In fact, according to the latest statistics from Canada Mortgage and Housing Corporation, construction of single family detached housing in British Columbia rose by a seasonally adjusted 4.2% in October. However, construction for multi-family residential buildings declined dramatically causing an overall decline of 17% in the province.

How bad is the leaky condo problem in British Columbia? Well, let me state that there are a number of buildings (too many) that should never have been built the way that they have been. No owner should be faced with having to consider replacing the entire building envelope (ie, the exterior skin) after two years, five years, or ten years. As long as the place is built right and regular maintenance occurs, there is no reason that today's housing shouldn't last as long as those built even fifteen years ago. A lot of the problems are also blamed on the National Building Code requiring tighter homes that don't allow moisture to escape out once it enters. And yet others put the blame solely on construction companies that hire trades that are not skilled enough to build but cheap enough to employ. While we're at it, why don't we also add architects and management companies to the blame list as well. While there is truth on a case by case basis to blame any of these parties, how can you explain all the complexes that were, and are, being built properly? You can't. Even if there is a problem in a generally well constructed complex, a reputable construction company and/or developer will stand by their work. Those that don't are already facing a consumer revolt where their reputation is getting tarnished to the point where they will soon be lucky if anyone buys a model house built out of toothpicks from them. Unfortunately, what the leaky condo issue has done is unfairly taint the entire condominium market with the same brush. The demand for them has also fallen. For every leaky condo out there, there are at least seven that are not suffering from "water ingress", "leakage", or "building envelope" problems.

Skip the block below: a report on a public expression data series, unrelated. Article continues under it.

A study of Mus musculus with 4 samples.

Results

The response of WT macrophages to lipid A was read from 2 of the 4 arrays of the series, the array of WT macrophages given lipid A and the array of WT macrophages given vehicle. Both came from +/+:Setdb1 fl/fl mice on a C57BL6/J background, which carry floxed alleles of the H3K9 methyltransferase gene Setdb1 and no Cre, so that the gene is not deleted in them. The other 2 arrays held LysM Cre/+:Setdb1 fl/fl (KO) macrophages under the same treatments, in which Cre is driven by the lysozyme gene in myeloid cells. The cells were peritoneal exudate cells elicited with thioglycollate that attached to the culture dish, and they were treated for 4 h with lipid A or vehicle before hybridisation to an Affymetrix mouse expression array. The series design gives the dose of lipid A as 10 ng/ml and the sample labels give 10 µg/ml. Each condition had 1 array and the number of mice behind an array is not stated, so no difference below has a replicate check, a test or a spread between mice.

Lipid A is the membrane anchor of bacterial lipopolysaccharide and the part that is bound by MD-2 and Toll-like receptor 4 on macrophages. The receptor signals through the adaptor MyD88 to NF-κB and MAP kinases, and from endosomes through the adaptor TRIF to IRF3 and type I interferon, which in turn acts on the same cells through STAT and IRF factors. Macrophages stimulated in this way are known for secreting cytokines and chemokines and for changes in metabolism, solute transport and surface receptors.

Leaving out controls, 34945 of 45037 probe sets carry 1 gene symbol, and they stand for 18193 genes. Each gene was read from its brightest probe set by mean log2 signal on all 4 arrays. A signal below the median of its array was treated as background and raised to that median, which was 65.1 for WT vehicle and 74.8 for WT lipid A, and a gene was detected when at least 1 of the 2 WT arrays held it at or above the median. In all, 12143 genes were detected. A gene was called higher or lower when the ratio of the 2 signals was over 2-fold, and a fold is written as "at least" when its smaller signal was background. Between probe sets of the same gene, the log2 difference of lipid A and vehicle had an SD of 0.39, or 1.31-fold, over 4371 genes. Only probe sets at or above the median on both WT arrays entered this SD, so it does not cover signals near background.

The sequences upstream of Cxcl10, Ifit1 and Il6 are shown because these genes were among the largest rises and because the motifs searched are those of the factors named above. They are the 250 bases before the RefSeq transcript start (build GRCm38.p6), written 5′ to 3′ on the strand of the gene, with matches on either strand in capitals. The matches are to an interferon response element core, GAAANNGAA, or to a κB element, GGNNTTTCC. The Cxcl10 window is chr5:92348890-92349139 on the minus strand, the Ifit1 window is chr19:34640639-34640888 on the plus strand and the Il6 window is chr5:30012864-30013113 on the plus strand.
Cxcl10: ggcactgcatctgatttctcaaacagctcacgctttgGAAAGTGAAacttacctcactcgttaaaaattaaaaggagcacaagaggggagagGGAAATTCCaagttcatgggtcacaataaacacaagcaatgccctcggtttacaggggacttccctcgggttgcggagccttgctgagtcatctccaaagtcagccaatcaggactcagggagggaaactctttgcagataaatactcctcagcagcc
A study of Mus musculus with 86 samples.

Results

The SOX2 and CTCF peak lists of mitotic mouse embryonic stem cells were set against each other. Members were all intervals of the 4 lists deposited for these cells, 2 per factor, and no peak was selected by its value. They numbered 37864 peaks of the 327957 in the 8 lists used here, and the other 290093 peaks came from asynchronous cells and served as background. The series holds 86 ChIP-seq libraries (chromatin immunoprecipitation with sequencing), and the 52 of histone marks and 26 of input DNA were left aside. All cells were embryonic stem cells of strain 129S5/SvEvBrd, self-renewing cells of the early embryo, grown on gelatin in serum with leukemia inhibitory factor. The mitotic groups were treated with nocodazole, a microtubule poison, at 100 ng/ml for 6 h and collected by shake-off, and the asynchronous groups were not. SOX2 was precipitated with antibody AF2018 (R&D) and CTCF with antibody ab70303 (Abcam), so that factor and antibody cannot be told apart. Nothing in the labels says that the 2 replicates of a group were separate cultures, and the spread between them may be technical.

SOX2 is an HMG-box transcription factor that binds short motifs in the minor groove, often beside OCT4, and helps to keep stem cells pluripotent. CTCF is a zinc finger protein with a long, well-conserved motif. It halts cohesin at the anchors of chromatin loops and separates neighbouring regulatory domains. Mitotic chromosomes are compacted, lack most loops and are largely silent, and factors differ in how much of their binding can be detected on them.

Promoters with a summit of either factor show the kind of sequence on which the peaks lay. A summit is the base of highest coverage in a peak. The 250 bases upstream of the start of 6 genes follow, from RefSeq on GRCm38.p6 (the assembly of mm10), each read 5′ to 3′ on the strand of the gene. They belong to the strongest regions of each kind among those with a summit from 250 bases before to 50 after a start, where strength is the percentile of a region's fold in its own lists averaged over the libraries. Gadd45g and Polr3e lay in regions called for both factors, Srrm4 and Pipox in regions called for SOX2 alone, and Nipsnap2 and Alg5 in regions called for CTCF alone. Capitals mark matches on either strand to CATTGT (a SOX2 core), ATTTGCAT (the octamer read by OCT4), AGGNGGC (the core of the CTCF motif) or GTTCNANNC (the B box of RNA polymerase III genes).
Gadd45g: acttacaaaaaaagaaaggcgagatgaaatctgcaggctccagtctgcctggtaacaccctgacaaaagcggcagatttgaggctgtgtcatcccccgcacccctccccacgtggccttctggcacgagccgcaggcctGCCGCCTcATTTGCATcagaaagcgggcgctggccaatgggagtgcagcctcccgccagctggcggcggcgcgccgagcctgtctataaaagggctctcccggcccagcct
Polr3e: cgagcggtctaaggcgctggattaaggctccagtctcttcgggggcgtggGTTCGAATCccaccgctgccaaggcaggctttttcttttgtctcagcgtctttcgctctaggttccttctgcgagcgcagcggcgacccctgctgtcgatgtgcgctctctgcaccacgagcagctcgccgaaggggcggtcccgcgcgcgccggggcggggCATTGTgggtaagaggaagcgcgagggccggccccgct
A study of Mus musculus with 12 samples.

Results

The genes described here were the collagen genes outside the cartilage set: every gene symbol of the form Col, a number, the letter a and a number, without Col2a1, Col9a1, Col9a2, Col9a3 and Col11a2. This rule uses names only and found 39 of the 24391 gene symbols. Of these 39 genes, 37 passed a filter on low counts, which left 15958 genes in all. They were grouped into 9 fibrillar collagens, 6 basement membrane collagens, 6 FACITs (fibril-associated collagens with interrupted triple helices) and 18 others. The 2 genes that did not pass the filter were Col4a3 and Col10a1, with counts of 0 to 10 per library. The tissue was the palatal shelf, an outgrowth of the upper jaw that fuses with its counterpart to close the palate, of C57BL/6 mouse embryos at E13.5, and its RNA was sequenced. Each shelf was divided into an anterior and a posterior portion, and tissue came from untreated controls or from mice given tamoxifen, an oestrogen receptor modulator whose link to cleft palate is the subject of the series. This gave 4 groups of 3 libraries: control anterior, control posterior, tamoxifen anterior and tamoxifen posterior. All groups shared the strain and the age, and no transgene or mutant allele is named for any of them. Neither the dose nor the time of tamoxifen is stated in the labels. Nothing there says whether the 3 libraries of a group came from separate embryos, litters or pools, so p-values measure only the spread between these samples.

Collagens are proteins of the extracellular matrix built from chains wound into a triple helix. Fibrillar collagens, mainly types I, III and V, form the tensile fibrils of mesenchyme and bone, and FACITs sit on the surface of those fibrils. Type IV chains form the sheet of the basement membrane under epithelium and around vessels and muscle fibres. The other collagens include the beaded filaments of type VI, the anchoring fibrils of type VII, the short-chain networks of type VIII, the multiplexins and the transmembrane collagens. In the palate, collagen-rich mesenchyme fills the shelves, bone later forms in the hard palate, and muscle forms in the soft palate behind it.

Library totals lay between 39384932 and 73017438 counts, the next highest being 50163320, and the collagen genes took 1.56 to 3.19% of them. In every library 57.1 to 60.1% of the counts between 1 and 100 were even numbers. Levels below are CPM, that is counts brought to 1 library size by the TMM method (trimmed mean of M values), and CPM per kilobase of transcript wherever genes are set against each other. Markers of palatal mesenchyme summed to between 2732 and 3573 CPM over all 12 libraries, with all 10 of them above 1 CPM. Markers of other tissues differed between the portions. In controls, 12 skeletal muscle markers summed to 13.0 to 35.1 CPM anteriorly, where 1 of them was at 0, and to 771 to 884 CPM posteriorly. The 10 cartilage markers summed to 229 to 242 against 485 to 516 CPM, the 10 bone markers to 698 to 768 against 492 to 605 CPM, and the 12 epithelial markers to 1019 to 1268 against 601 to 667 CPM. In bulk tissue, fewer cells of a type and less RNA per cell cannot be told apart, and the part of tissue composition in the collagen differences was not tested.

But don't stop at just being on the look out for a leaky condo. Are there other issues mentioned in the minutes that could be a cause of concern (security, noise, equipment failures or ? ). In fact, a large number of my colleagues in property management have told me that more and more prospective purchasers are requesting that their building inspectors have access to the roof, mechanical room, and parkade to look for existing or potential problems. This rarely used to happen. Buyers should also check the bylaws to see that they can, in fact, have Fido or Whiskers live with them, whether renting their suite or townhouse is allowed, and do they have to put up the same colour window covering as everyone else. Some strata corporations have very strict bylaws. Check if you can live with them. Claiming ignorance after the fact is only going to get you a warning letter to cease and desist and usually a threat of a fine that will accumulate for every month you don't.

I have just scratched the surface of what a condominium buyer should look for in a condominium. Just don't lose sight of the fact that there are a number of good condominium complexes out there and they out number the problem ones. Take a look at the whole picture. What the leaky condo issue has done is bring back to the forefront the principle of caveat emptor when dealing with real estate. Prospective buyers have learned this lesson for free. Don't let the price paid by those in problem buildings be wasted.